What entices us to seek out and spend time in gardens, and why do we take so much pleasure, find so much joy, and delight in them? Perhaps the memory of that first garden, The Garden of Eden, is embedded in our DNA and in our collective consciousness and, by stepping into a garden, we reconnect with that lost Paradise within us. In our human condition of living in exile from that first garden we, perhaps, find ourselves, for a moment, back in that first garden when we visit a garden.
When I was growing up in Ponta Delgada, I was taken for leisurely strolls in some of the city’s gardens. The most memorable for me were, Jardim António Borges, and Jardim José do Canto. These formal walled-in gardens felt magical for their beautiful displays of ponds, flora and ancient trees; a contained miniature world of natural wonder, while city life went on outside their walls. And on Sunday excursions, we would visit the primordially paradisiacal Parque Terra Nostra in the small town of Furnas. These parks still conjure up childhood wonderment when I revisit them on trips to the Azores.
I never lost my fascination for gardens after coming to Canada, where, as still a young boy, my family would spend Sunday afternoons in the grand and expansive High Park, in Toronto. Since then, I continue to search for gardens wherever I go. But comparisons are perhaps unfair, and flimsy at best, for each garden, although made up of similar elements, are all unique in their own way, with their own personality, some ostentatious and world-renowned, others modest and hidden, but all reminders that nature enriches the life of a city.
These are some of the gardens are I have had the pleasure of meandering through: Jardin des Tuileries, Les Jardin du Luxembourg, Parc Monceau, in Paris, are so magical in autumn light; and in summer, the very formal garden decorated throughout with azulejos: Palácio dos Marqueses de Fronteira in Benfica, on the outskirts of Lisbon; Jardim Botânico, Universidade de Lisboa; Parque do Museu Calouste Gulbenkian surrounding the Calouste Gulbenkian art gallery in Lisbon; Jardim da Estrela, on the west of Lisbon, across from the baroque/neoclassical Basílica da Estrela; Cemitério dos Ingleses (The British Cemetery) in Lisbon, where Henry Fielding has a massive monument in his honour; Butchart Gardens in Victoria, British Columbia; The San Francisco Botanical gardens, and the Japanese Tea garden, in Golden Gate Park; The UBC Botanical Garden, in Vancouver; the MNU Botanical Garden at Memorial University in Newfoundland; the Halifax Public Gardens in Nova Scotia, the Boston Public Garden, in Boston, Massachusetts; Central Park in New York City.
One garden that I came to discover only a few years ago, and which I have come to love best is The Gardens at the Guild Park in the east of Toronto, where the gardens have an organic feel, surrounded as they are by trails leading into untamed nature along the edge of the Scarborough Bluffs, overlooking Lake Ontario. A visitor to this garden will be treated to a display of plant life, flower beds and trees delineated by meandering paths that delight with every turn. That these gardens contain old architectural pieces preserved from Toronto’s past, as well as being adorned by sculptures from prominent artists, makes it all the richer and more significant to visit; a meeting place in the city originally know by the Indigenous word Tkaronto – or place where trees meet in water.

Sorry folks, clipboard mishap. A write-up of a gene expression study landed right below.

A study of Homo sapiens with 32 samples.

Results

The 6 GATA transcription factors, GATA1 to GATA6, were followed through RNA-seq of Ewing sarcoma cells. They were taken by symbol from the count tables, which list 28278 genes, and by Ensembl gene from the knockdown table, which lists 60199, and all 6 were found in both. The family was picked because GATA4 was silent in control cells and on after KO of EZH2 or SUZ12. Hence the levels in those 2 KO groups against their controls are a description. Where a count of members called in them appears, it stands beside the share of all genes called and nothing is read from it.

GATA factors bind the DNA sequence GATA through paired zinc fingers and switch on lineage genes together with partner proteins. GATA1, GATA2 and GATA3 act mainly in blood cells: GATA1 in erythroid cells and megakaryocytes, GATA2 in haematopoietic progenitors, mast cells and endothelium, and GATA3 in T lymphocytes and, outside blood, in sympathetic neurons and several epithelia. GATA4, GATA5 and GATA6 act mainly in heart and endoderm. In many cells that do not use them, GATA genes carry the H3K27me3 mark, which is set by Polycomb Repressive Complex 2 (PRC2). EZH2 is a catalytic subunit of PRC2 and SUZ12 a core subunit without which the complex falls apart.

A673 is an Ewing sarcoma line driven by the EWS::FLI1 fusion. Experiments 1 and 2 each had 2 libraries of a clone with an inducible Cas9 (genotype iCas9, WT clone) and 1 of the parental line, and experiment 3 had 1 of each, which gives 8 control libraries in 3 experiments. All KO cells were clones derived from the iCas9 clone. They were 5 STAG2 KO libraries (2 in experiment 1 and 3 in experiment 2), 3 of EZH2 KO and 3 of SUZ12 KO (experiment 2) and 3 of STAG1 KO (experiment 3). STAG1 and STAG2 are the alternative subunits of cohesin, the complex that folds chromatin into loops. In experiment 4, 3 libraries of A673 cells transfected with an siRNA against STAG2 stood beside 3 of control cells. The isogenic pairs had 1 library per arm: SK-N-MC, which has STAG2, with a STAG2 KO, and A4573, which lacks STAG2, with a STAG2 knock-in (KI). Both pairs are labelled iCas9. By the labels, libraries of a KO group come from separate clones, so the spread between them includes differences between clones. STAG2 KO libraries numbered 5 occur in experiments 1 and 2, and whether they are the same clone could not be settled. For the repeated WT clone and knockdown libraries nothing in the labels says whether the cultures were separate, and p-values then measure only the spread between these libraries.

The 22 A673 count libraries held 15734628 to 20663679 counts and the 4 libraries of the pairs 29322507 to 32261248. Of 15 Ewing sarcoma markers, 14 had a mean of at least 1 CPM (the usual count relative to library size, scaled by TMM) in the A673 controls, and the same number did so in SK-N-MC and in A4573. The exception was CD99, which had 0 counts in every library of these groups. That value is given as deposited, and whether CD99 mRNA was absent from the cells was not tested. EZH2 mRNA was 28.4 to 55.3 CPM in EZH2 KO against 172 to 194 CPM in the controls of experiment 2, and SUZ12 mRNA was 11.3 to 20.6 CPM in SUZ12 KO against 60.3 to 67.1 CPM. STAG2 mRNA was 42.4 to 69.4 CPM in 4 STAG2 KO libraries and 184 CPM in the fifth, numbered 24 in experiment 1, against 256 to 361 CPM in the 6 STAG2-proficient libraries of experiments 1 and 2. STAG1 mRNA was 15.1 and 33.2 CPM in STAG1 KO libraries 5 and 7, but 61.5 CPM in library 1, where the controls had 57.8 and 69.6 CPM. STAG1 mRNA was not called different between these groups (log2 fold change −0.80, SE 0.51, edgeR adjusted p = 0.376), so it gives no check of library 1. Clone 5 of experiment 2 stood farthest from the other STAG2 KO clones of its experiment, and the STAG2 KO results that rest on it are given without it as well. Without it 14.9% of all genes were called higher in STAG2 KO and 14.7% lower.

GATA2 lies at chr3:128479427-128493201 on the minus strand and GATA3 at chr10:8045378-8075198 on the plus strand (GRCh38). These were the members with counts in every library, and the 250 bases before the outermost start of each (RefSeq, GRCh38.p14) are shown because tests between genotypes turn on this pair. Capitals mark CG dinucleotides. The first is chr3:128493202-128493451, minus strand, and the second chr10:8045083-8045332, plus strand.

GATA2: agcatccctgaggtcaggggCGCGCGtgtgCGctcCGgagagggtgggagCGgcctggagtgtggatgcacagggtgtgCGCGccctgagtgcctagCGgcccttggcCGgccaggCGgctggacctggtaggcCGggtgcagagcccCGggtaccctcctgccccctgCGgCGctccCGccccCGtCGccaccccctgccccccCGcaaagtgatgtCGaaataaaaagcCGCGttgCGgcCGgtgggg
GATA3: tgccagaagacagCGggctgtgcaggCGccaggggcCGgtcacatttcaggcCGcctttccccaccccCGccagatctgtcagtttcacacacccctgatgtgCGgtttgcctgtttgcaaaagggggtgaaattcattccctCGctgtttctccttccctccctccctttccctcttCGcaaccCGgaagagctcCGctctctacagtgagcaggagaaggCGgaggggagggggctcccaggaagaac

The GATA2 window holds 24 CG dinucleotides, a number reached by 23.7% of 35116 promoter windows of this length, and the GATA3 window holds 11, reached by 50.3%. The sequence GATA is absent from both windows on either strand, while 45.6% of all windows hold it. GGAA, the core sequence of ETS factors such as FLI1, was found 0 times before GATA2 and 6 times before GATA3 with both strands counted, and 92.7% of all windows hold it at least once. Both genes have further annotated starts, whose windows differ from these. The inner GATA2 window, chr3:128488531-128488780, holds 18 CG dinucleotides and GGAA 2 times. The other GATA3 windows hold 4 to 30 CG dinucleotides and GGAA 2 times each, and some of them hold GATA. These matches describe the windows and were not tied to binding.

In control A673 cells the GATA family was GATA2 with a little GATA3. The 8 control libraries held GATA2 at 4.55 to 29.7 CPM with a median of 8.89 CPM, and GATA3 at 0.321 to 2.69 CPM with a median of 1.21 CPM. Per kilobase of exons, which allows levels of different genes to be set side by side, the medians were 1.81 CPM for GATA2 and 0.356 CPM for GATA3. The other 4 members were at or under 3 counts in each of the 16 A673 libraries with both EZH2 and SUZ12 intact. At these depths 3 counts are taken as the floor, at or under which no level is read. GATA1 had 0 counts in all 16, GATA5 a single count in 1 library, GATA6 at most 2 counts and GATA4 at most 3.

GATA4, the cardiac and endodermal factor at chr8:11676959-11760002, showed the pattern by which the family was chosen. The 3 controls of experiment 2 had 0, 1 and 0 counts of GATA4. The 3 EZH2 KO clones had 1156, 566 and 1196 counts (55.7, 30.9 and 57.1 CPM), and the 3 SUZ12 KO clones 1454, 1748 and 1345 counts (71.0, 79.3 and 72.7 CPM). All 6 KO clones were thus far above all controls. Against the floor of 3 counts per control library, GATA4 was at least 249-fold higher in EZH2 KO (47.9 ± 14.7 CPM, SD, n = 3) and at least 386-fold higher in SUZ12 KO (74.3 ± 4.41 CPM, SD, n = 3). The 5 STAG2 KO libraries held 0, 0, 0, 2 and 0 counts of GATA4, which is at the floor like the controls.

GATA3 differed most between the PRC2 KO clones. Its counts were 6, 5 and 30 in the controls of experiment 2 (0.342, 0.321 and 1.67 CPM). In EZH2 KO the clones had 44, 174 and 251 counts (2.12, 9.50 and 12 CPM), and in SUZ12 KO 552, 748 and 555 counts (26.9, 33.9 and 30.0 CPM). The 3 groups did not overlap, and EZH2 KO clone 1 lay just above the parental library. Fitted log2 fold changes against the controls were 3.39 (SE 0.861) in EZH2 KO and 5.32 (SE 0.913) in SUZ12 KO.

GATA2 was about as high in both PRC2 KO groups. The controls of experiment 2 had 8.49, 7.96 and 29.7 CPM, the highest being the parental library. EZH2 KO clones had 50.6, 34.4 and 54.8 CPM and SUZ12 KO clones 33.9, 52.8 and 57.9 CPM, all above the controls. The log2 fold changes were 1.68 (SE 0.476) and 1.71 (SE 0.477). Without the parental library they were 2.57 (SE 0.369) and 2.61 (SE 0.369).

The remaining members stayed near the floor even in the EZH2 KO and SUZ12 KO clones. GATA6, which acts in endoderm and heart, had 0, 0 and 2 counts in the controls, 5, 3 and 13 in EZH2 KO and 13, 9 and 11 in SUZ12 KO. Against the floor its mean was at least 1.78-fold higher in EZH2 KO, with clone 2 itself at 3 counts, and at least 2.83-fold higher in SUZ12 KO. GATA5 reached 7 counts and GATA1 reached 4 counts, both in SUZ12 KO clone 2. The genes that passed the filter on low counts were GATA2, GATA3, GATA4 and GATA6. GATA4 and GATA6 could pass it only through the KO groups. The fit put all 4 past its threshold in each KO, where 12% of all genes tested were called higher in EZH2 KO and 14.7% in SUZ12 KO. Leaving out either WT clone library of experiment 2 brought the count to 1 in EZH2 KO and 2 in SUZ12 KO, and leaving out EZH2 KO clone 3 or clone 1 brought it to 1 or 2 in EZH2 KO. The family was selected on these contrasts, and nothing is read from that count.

Since discovering the Guild Park, Stephen and I have made a point of bringing family and friends to experience the quiet, understated beauty of the gardens that become grandiose upon the sight of those impressive architectural remnants, casually, so it seems, scattered amongst bushes and plants and trees. They are always impressed; they always wonder why they never knew of the existence of this garden before. It’s a tucked away treasure reminding Torontonians that the city is a seamless blend of stone and flora. When I show my photographs of the park to one of my dear friends who has a long family history with the area, she shares stories of her growing up near the gardens and this enriches my experience and understanding of this place I have come to love.
The Guild Park may not be as grand and famous as some of the parks and gardens I have visited; but, in a truly modest and unassuming way, delivers an aesthetic experience that make me smile with every visit, as I continue to discover anew what I already had discovered before, but seeing it in a different light, a different season and, each time, delighting in this patch of earth dedicated to the presence of nature inside our city while taking me back, for a moment, to paradise.
Sometimes you come across a park dweller.
I took all these photos in 2016 and 2017.
It’s possible to visit the Guild Park and Gardens by taking public transportation (TTC). Buses 12A or 116C will take you right to the entrance. For any Torontonian or visitors to the city, it’s worth the trip to experience a walk through a space that will, ironically, connect you back to the city core through the architectural remnants on display throughout the garden’s landscape.